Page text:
If you have to, you can splash champagne instead of drinking it. Apparently it doesn't stain. Opinions differ, however, as to who started this glorious mess.

In racing, as early as the 1930s, a «Jeroboam» or even a «Salmanazar» from the house of Moët & Chandon was often poured at victory ceremonies. Then, in 1966, the two Porsche drivers Jo Siffert and Colin Davis stepped onto the podium at the 24 Hours of Le Mans, and while the victory anthems were being played, Jo's bottle popped its cork in the summer heat, creating a stately champagne shower for the bystanders. A year later, on 11 June 1967, the victorious US American Dan Gurney is said to have taken up this incident again when he pressed his thumb on the bottle and thus gave his companion A. J. Foyt, as well as Jo Siffert alongside Hans Herrmann, such a shower and became the role model for all champagne-spraying racing drivers. The Swiss naturally sprayed back in return.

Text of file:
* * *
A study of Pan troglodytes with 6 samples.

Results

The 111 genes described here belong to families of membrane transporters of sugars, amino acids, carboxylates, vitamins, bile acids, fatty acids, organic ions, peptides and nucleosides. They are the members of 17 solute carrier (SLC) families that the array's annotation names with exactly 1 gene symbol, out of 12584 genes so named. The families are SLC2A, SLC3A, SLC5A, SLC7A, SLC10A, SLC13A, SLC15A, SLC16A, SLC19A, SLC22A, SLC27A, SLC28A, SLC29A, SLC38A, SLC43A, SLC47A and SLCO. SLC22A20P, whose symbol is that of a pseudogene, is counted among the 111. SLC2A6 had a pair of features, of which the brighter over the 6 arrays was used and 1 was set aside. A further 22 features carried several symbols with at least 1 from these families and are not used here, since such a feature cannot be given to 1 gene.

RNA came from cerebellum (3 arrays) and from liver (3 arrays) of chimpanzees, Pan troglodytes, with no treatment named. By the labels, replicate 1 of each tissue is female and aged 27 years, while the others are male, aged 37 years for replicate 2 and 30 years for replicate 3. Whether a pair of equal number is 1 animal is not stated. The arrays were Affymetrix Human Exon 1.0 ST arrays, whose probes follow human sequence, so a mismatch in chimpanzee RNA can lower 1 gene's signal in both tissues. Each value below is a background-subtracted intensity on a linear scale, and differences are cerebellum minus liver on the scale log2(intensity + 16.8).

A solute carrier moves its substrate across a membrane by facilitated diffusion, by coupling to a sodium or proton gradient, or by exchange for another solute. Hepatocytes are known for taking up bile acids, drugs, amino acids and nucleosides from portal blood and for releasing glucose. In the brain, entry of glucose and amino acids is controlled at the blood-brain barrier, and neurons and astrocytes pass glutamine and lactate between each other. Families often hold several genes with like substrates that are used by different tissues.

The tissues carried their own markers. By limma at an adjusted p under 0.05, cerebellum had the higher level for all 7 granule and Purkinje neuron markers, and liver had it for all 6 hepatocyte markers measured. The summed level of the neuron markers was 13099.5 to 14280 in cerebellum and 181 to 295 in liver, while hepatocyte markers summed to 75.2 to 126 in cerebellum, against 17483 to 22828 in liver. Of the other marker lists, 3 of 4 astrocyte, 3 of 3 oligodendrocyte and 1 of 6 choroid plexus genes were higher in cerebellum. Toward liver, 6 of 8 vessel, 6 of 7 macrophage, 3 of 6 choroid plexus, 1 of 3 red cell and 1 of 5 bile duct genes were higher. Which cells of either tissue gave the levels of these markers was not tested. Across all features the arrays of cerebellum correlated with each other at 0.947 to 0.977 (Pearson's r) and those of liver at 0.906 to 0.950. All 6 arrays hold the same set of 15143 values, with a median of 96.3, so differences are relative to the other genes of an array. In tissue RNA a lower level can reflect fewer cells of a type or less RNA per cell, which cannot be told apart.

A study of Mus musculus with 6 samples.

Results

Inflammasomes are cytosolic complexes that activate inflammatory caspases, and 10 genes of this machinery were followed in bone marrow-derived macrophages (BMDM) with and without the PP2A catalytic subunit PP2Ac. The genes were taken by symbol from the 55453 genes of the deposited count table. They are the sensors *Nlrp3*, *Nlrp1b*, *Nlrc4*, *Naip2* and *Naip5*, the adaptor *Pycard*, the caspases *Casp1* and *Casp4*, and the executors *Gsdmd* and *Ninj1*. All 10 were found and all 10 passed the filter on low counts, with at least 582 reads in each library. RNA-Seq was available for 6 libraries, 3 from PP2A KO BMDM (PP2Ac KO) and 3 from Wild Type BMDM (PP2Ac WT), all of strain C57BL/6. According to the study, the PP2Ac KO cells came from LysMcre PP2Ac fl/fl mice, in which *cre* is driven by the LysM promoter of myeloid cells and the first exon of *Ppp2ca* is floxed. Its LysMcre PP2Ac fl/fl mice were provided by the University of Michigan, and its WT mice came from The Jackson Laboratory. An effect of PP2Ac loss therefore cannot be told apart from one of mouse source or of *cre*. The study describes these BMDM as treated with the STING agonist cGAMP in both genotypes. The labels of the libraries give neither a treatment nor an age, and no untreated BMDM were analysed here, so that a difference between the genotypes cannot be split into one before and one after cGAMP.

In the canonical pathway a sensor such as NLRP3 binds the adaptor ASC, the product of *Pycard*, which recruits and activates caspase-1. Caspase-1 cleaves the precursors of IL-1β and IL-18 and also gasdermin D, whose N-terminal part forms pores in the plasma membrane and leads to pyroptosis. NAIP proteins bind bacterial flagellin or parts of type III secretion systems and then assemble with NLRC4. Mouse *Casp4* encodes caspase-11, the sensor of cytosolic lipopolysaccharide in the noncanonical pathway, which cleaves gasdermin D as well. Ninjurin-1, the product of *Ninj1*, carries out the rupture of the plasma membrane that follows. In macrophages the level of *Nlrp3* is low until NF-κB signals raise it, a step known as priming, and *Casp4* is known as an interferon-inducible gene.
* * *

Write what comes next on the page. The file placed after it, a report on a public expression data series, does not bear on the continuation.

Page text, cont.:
The story of the Formula 1 driver Jackie Stewart, who celebrated his superior victory at the French Grand Prix in 1969 and wanted to save the contents of his double magnum of Moët & Chandon, also has to do with overheated bottles. Being a good Scot, he immediately put his finger on the bottle and sprayed Mitterand as well as Fred Chandon. The latter is said to have shouted afterwards, «Jackie, you should do that at every race!» In fact, Stewart sat on the board of Moët & Chandon in the UK for 25 years afterwards.

For a long time, and now also at award ceremonies in other sports, this has not so much been a matter of decadence and waste, but one of modern marketing and product placement. Think of the ritual of splashing champagne at ship christenings, which has been the custom already since 1902.

Champagne probably becomes most famous when it's spilled?